Am I Next? The Murdoch Method -- A look at Rupert Murdoch's media empire.

Book Review

I was extraordinarily excited to receive an Advance Reader's Copy of "The Murdoch Method: Observations on Rupert Murdoch's Management of a Media Empire" by self-described long-time friend and business consultant Irwin Stelzer

(Pegasus Books, Publishing Date:  May 2018 ISBN-13: 978-1-68-177792-4 PRICE USD 26.95)

Want to be a newspaper proprietor? A movie mogul? An icon? Irwin Stelzer’s inside knowledge shows us how it’s done.
— Maurice Saatchi (Baron Saatchi is the co-founder of Saatchi & Saatchi, the international advertising enterprise.) 

Unfortunately, I must describe the book as thin on insight and tedious in the type of detail that can be routinely found in other media sources.

This is not an easy read, or even a compelling tale, offering me little in substantiation of Saatchi's advance praise.

That Murdoch imagines himself to be an outsider fighting against the entrenched toffs and powers that be are less important than gaining insight into his thinking process -- which this particular volume fails to sufficiently elucidate. 

As for Murdoch's business philosophy, I can find little more than: 

one, create an "us versus them" environment to concentrate your employee's efforts against a suitable target;

two, engage in the type of financial engineering that allows you to attract and reap the benefits of your investment in brilliant men like Barry Diller, Roger Ailes, Bill O'Reilly, and others whose insights and outstanding operational expertise created value to be passed on to the next generation; and

three, provide a flexible environment that is risk tolerant and accepts mistakes will be made.

That Murdoch may hate confrontation and prefers others to perform his dirty work or that his more liberal sons take some measure of direction from their uber-liberal wives is almost inconsequential to the Murdoch story while creating suspenseful doubt for the future of the enterprise under the son's management.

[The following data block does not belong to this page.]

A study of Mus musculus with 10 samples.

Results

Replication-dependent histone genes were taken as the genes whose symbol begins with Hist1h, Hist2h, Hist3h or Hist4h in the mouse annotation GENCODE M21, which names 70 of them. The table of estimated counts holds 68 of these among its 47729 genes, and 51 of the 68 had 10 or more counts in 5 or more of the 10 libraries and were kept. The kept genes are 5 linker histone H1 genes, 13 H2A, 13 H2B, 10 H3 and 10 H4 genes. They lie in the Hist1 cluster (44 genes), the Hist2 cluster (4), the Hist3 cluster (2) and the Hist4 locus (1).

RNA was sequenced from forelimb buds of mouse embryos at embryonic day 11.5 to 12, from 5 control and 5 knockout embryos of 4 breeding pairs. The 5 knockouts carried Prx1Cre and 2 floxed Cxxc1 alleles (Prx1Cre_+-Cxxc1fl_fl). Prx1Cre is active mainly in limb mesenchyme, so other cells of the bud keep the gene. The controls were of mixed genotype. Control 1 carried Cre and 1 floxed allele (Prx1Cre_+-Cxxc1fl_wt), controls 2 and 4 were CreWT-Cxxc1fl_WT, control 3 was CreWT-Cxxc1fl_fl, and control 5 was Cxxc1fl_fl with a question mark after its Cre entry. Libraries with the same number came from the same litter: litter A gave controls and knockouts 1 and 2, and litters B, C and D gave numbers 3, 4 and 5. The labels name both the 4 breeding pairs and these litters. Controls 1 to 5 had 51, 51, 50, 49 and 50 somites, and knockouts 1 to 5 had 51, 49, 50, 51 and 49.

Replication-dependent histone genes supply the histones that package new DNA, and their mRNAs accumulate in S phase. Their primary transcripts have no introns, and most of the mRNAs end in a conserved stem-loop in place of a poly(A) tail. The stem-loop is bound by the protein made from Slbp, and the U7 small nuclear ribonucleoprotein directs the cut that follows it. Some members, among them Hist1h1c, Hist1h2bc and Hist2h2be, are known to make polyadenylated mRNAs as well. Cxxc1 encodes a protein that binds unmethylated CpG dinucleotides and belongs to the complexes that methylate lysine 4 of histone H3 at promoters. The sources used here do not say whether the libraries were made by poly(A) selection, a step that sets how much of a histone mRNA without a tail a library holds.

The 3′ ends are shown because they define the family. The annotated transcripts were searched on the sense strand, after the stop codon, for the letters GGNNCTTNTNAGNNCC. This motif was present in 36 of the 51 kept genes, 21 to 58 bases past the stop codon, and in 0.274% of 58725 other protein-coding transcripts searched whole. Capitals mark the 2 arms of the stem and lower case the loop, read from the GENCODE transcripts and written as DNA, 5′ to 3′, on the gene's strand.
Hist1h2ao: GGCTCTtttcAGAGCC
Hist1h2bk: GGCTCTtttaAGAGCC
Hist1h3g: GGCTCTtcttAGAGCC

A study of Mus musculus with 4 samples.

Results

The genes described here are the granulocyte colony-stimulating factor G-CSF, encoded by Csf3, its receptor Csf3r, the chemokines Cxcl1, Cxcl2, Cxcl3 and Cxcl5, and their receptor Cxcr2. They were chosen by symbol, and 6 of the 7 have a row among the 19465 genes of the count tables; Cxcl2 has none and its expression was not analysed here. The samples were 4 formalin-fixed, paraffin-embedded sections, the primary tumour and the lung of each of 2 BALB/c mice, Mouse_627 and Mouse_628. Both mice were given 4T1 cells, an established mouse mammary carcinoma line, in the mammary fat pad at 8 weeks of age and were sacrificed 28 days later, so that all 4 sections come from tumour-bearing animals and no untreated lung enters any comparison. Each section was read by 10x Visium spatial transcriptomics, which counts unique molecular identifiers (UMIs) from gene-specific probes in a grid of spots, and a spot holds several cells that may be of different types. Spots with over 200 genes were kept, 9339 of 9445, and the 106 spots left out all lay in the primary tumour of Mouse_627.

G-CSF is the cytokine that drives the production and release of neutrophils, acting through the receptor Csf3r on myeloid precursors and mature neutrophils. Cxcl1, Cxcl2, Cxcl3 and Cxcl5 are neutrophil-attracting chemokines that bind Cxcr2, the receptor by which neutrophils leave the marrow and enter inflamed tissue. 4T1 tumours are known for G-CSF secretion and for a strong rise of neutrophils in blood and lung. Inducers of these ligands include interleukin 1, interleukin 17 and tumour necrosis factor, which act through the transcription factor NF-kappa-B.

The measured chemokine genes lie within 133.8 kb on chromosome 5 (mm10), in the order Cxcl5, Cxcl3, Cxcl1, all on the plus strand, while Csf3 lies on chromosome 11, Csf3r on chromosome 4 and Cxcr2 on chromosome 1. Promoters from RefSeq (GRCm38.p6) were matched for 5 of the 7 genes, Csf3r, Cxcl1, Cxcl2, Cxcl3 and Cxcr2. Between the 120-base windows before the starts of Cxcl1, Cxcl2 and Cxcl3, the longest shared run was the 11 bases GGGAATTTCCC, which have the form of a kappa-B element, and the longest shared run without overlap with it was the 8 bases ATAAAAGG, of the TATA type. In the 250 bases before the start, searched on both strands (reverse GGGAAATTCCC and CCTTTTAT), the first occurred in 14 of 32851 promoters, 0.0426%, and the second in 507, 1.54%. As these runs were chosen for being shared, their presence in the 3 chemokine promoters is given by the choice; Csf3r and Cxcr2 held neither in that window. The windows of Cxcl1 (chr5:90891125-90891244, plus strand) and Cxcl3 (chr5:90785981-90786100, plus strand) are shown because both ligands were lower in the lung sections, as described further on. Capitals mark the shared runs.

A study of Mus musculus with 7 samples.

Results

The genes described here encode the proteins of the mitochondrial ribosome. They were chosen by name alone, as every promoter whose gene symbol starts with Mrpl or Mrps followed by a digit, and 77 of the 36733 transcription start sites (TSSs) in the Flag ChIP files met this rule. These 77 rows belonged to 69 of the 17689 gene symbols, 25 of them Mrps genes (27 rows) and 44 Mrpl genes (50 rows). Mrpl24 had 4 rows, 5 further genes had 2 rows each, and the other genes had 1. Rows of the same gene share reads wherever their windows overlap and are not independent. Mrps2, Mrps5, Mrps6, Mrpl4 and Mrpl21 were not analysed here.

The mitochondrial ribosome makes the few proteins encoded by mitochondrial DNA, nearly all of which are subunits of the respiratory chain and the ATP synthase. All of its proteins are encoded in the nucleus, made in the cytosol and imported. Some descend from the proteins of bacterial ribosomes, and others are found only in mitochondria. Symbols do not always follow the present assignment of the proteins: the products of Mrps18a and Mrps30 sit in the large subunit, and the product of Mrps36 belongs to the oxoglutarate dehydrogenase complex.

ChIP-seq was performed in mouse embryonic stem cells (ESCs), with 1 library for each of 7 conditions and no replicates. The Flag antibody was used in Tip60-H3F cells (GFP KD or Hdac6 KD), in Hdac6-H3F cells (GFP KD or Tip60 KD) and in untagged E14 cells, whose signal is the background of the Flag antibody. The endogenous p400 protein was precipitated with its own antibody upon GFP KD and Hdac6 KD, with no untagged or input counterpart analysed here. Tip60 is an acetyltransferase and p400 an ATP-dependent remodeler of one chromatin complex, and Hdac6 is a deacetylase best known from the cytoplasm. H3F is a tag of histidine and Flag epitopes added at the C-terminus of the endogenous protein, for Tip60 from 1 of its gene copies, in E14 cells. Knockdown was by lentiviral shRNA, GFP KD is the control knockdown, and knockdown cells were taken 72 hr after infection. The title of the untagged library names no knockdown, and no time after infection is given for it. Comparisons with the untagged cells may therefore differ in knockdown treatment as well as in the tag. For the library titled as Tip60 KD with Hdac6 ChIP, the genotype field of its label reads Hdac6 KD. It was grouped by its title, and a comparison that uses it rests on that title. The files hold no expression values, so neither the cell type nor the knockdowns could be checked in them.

This is not the book that I imagined and cannot recommend it to anyone seeking insight into Rupert Murdoch's business philosophy or even an unvarnished recounting of significant business accomplishments. 

And, since this is an advance copy, perhaps the author still has time to supplement the material on Disney which appears to be Murdoch's latest corporate play. Selling off 21st Century Fox assets (including the film and television studio and a controlling stake in the Sky operation) to Disney for $66 billion in an all-stock sale which will leave Murdoch approximately 4.25% of Disney stock according to published reports. How the pieces will be re-arranged in the Murdoch empire would be a modern tale worth telling.

Is this a ploy to avoid inheritance taxes, avoid or mitigate necessary regulatory approvals, take the Murdoch enterprises private, or secure control for the second generation? But it may be a more compelling story than a tedious rehash of historical events through the eyes of a consultant that tries hard to establish his independence from his subject.

I recommend waiting until the book hits the remainder table or is heavily discounted to a few bucks by Amazon. Since there appears to be little in timely content, the wait may increase the price/value ratio significantly.